Introduction: En-Golden Your Peacock Feather Spines

About: I re*make mobility devices and materials and give them new lives. I re*use often. And sometimes I staple drape.

And now for the next step in peacock feather madness….

Outlining faux feather spines with gold!

If this is your first time visiting, I'm A. Laura Brody.
I'm making faux peacock feathers to re-upholster a Jazzy Power Scooter and showing you the process step by step. I made the peacock feather's "eye" in step one, formed the "spine" and "ribcage" of the feather in step 2 and uncovered hidden golden trim in step 3. This is the 4th step. Welcome!

If you want to know why I'm re-upholstering a Jazzy Power Scooter, check out my mobility art at Dreams by Machine.

For this step you'll need:

A sewing machine and sewing machine needles


Sharp scissors

A tape lint remover OR packing tape OR a vacuum cleaner with a hand nozzle

The peacock feather with its pinned-down green velvet "ribs"

and the golden trim from the last step.

Step 1: Set Up Your Gold

First off, I thread the sewing machine and set it to a narrow zig-zag stitch. I'm using a tan thread that blends in pretty well with the golden trim.

Then I lay a piece of golden trim over one of the green velvet “ribs”. I leave a little tail of gold to extend past the end of the velvet and center the sewing machine foot over the trim. I back stitch a little bit at the tip to lock my threads in place, then hold the trim over the center of the velvet. It’s easier to hold it down than to pin it.

Then I start zig-zagging in earnest and take out the pins as I go. When I've finished sewing down one bit of velvet and trim, I continue the golden trim down part of the “spine”, then double back to sew down another velvet piece. This trim is very narrow, so doubling it up just adds an extra punch of gold.

When I get to the tip of the second piece of velvet, I backstitch again. At both ends of the velvet pieces, I snip off the trim and the threads but leave a little "tail" to feather out at the tips. This helps add to the feathery quality.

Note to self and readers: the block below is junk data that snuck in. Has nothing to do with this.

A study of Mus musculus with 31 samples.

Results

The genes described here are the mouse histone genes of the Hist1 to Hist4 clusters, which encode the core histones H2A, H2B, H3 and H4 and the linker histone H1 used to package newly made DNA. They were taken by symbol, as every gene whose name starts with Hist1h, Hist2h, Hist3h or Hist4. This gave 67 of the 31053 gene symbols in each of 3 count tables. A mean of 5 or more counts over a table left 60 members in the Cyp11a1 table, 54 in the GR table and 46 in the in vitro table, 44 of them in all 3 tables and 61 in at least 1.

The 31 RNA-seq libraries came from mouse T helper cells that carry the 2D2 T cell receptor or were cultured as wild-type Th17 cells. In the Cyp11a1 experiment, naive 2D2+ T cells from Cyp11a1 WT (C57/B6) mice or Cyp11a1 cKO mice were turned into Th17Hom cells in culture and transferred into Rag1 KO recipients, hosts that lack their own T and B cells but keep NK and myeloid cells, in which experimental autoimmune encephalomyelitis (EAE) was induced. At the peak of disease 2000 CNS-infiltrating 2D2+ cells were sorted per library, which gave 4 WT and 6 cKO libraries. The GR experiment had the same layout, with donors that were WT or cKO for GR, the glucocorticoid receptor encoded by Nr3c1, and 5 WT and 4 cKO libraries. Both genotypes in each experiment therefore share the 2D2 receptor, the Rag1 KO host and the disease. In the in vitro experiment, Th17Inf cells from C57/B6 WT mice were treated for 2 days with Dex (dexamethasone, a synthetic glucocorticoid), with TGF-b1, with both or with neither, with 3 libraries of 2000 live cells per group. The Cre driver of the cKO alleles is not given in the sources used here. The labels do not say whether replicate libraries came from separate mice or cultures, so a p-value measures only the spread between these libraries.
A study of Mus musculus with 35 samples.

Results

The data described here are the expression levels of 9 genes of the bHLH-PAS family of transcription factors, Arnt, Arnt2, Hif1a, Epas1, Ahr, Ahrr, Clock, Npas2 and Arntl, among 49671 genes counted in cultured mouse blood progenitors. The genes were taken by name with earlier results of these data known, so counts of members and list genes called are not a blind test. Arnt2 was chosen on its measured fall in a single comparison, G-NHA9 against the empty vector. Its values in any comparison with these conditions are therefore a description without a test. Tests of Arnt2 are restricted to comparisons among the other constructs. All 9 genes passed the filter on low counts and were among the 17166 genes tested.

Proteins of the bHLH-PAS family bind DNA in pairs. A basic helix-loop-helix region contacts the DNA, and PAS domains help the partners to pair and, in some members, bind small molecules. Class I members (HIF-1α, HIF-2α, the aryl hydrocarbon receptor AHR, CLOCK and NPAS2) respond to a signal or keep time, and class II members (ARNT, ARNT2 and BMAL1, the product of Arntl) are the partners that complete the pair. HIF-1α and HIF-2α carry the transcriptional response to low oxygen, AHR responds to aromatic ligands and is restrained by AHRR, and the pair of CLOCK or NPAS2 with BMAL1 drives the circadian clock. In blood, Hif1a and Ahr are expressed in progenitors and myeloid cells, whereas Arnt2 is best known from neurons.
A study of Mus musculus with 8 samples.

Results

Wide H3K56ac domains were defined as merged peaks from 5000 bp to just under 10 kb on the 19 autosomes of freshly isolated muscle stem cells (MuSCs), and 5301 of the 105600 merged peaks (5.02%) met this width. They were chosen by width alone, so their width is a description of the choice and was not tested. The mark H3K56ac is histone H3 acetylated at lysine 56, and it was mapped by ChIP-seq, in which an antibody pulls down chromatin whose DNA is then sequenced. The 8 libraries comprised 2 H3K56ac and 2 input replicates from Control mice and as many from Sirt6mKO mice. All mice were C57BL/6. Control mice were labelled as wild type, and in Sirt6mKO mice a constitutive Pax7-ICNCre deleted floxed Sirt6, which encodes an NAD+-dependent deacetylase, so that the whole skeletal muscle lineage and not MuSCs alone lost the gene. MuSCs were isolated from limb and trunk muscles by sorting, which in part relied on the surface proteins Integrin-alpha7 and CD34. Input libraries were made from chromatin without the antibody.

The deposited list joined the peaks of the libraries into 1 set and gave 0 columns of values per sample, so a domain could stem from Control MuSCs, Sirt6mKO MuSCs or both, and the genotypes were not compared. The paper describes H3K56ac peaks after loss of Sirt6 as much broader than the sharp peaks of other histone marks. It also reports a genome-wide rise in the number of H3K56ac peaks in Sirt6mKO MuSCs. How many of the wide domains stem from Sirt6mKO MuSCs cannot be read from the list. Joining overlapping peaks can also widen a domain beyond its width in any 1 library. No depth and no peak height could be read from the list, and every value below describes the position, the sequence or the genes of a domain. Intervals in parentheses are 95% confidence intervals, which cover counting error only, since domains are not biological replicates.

Then I move on to another set of velvet and trim! Holding the trim in smooth curves over the velvet and transitioning it to the relatively straight spine of the feather makes my lines flow nicely.

Step 2: De-lint the Fronds

Once all the velvet is sewn down with gold, it’s time for fuzzing and de-linting.

The velvet pieces are cut on the bias for 2 reasons: it curves nicely AND it frays beautifully.

Sometimes the best tool available is your own hand. I use my fingernails to scratch each velvet frond until the edges are completely frayed. This makes a huge mess, so after each piece is properly fuzzy it's good to de-lint! Tape roller lint removers do the trick. You can also use a roll of packing tape or a vacuum cleaner with a hand nozzle attachment. Vacuum cleaners don't waste so much tape, but if you use one keep a firm hold on the fabric. Otherwise you may have to fish your feather out of the vacuum. This will make you sad.

When it's all cleaned up, the feathery effect of the fuzzed-out velvet is clear. Voila! It's a solid peacock feather base.

Pro tips:

1. Take out pins as you go. Trust me on this.
2. Fair warning: I am really casual about the occasional cut, poke, burn or bleeding finger. It’s just part of the job. But I do make an effort to clean up my wounds quickly. First off, it makes them heal better. And second, I’m way less likely to bleed all over my work.

and 3. yes, it is true. Your own spit will remove your own blood stain. Unless of course you’ve had a lot of coffee, at which point you’re just staining the fabric with coffee.

Next time I'll bring in the blue fronds.